Understanding Common ASD Assessments

Overview of essential tools for autism spectrum disorder evaluation.



According to Amber Foster, Assessment Coordinator at the Jadis Blurton Family Development Center, regular assessments provide crucial checkpoints in the developmental journey for children with ASD.

“Early intervention, both in the classroom and outside of the classroom, is the key to success for children,” Amber explains.  “Assessments for children with ASD are critical for helping to understand the child's functioning, including their strengths and weaknesses."

Assessments help parents as well as schools understand how to best support the child so they can realize their potential.

By gaining a deeper understanding of a child's individual profile through assessments, therapists and educators can tailor interventions to their specific needs. This personalized approach maximizes the effectiveness of interventions and supports the child's overall progress.

Some of the most common ASD assessment tools are summarized below with help from Amber.

Assessment tool #1:  Autism Diagnostic Interview-Revised

Autism Diagnostic Interview-Revised (ADI-R) is a structured interview used to diagnose autism spectrum disorder. It is considered a gold-standard assessment tool and is administered to parents or caregivers who are familiar with the individual's history. 

A trained clinician conducts the interview, which covers various areas, such as early development, communication, social interaction, play, and repetitive behaviors. 

The questions aim to gather information on a child’s ASD-related characteristics.

“The ADI-R is an intensive, standardized interview with parents and generally lasts between one to two hours,” says Amber.

Assessment tool #2: Autism Diagnostic Observation Schedule

The Autism Diagnostic Observation Schedule (ADOS) is a commonly used, standardized assessment tool used to evaluate and diagnose autism spectrum disorder.

The primary purpose of the ADOS is to observe and assess an individual's social communication skills, as well as any behaviors associated with ASD.

During the ADOS assessment, a clinician closely observes the individual's behavior, social interactions, communication skills, and repetitive or restricted patterns of interest or behavior. Following a standardized protocol, the clinician records the individual's responses and behaviors.

The information gathered from the ADOS assessment is used in conjunction with other clinical observations, interviews, and assessments to make a comprehensive evaluation and diagnosis of ASD. 

It helps professionals determine the presence and severity of ASD symptoms, and it also informs appropriate interventions and support strategies for the individual.

Amber explains, “The ADOS is a series of structured and semi-structured tasks that the child engages in and generally lasts 30 to 60 minutes.”

Assessment tool #3: Childhood Autism Rating Scale

The Childhood Autism Rating Scale (CARS-2) is another commonly used assessment tool for evaluating the presence and severity of autism spectrum disorder in children. It is a behavior rating scale that helps clinicians and researchers assess various aspects of a child's behavior and functioning.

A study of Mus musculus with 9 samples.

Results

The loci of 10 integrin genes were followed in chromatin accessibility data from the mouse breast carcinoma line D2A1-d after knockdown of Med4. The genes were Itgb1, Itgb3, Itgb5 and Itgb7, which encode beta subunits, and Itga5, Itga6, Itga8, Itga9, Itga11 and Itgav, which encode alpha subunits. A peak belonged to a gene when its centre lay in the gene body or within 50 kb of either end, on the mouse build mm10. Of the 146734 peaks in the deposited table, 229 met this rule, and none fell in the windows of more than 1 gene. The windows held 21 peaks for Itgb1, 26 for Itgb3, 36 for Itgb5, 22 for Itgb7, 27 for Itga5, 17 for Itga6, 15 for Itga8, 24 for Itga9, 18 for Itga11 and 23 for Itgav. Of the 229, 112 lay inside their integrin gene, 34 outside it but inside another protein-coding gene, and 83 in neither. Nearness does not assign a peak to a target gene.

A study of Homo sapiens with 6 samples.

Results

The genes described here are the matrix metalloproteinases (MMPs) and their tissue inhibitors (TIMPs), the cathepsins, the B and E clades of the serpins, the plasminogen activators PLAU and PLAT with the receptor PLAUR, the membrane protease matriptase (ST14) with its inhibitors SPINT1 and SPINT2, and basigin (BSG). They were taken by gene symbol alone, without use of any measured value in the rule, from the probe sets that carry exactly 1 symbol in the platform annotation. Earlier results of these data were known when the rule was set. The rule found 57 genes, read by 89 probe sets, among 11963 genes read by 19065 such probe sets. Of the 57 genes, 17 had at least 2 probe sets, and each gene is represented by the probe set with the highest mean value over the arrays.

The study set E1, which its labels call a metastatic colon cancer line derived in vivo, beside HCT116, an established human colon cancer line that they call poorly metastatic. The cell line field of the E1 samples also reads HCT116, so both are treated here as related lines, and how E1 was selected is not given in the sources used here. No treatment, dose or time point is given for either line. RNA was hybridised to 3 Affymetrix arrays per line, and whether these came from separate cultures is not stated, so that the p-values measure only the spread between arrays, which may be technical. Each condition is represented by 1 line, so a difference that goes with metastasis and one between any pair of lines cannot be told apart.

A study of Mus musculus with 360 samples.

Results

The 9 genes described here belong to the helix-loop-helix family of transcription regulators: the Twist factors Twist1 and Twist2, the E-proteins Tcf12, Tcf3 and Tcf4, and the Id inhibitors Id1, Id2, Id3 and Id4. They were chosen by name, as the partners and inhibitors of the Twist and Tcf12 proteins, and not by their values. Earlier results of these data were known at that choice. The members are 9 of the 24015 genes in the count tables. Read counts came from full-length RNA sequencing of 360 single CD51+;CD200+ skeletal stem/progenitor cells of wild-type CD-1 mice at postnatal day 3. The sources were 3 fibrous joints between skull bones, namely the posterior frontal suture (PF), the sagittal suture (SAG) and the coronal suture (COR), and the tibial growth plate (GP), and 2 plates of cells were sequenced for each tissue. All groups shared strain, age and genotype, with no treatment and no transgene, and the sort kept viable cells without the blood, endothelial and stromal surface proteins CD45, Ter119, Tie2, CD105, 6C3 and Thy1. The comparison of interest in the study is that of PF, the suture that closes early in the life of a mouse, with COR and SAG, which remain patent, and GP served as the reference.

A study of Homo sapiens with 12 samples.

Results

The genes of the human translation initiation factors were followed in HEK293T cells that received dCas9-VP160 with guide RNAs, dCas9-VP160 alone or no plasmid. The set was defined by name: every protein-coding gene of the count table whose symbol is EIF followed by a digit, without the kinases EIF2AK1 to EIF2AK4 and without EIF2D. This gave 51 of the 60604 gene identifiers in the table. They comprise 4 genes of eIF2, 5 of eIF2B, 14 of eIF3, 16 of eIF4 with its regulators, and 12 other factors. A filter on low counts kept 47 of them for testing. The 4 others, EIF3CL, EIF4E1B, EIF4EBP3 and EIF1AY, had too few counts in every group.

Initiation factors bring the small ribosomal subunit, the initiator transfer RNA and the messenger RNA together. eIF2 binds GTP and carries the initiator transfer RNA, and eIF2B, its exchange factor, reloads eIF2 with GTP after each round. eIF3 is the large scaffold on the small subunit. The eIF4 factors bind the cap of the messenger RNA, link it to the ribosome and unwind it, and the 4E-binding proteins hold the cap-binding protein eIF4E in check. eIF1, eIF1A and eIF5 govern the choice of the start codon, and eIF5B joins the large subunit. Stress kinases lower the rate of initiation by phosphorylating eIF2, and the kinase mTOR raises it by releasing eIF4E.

The CARS-2 test consists of 15 items that cover areas such as social interaction, communication, repetitive behaviors, and sensory responsiveness. 

The items are rated based on observed behaviors and information gathered from parents, caregivers, and other sources. The ratings are then used to determine the child's overall level of autistic impairment.

The CARS-2 test provides a quantitative measure of autism symptomatology and can aid in diagnosing ASD, monitoring progress, and evaluating treatment outcomes. 

According to Amber, “the CARS-2 is a form that the parents fill out and can be done at home and then sent in for scoring.” 

Assessment tool #4: Wechsler Intelligence Scale - Fifth Edition

The Wechsler Intelligence Scale is a widely used and highly respected series of intelligence tests developed by David Wechsler. 

The tests are designed to measure a person's cognitive abilities and provide an overall intelligence quotient (IQ) score. 

The Wechsler Intelligence Scale is used to assess intellectual functioning, cognitive strengths, and weaknesses across various domains, such as verbal comprehension, perceptual reasoning, working memory, and processing speed. 

These tests provide valuable insights into an individual's intellectual capabilities and can assist in educational planning, diagnosis of learning disabilities, and identifying areas for intervention and support.

“The WISC-V takes around two hours to administer,” Amber says.

How often should children be assessed?

The ideal frequency of assessment for your child depends on several factors. 

After an ASD diagnosis, parents may request a reassessment to confirm their child's current level of functioning, while schools may seek updated assessments for better support planning. 

Typically, reassessing children more frequently than every two to three years is unnecessary unless there are notable concerns that require closer evaluation.

Amber advises that it is not essential to repeat the ADI-R or ADOS assessments once a child has been diagnosed with ASD. Instead, the CARS-2 assessment is used to obtain an up-to-date understanding of the child's functioning.


Visit Resources here to download our curated list of assessment services.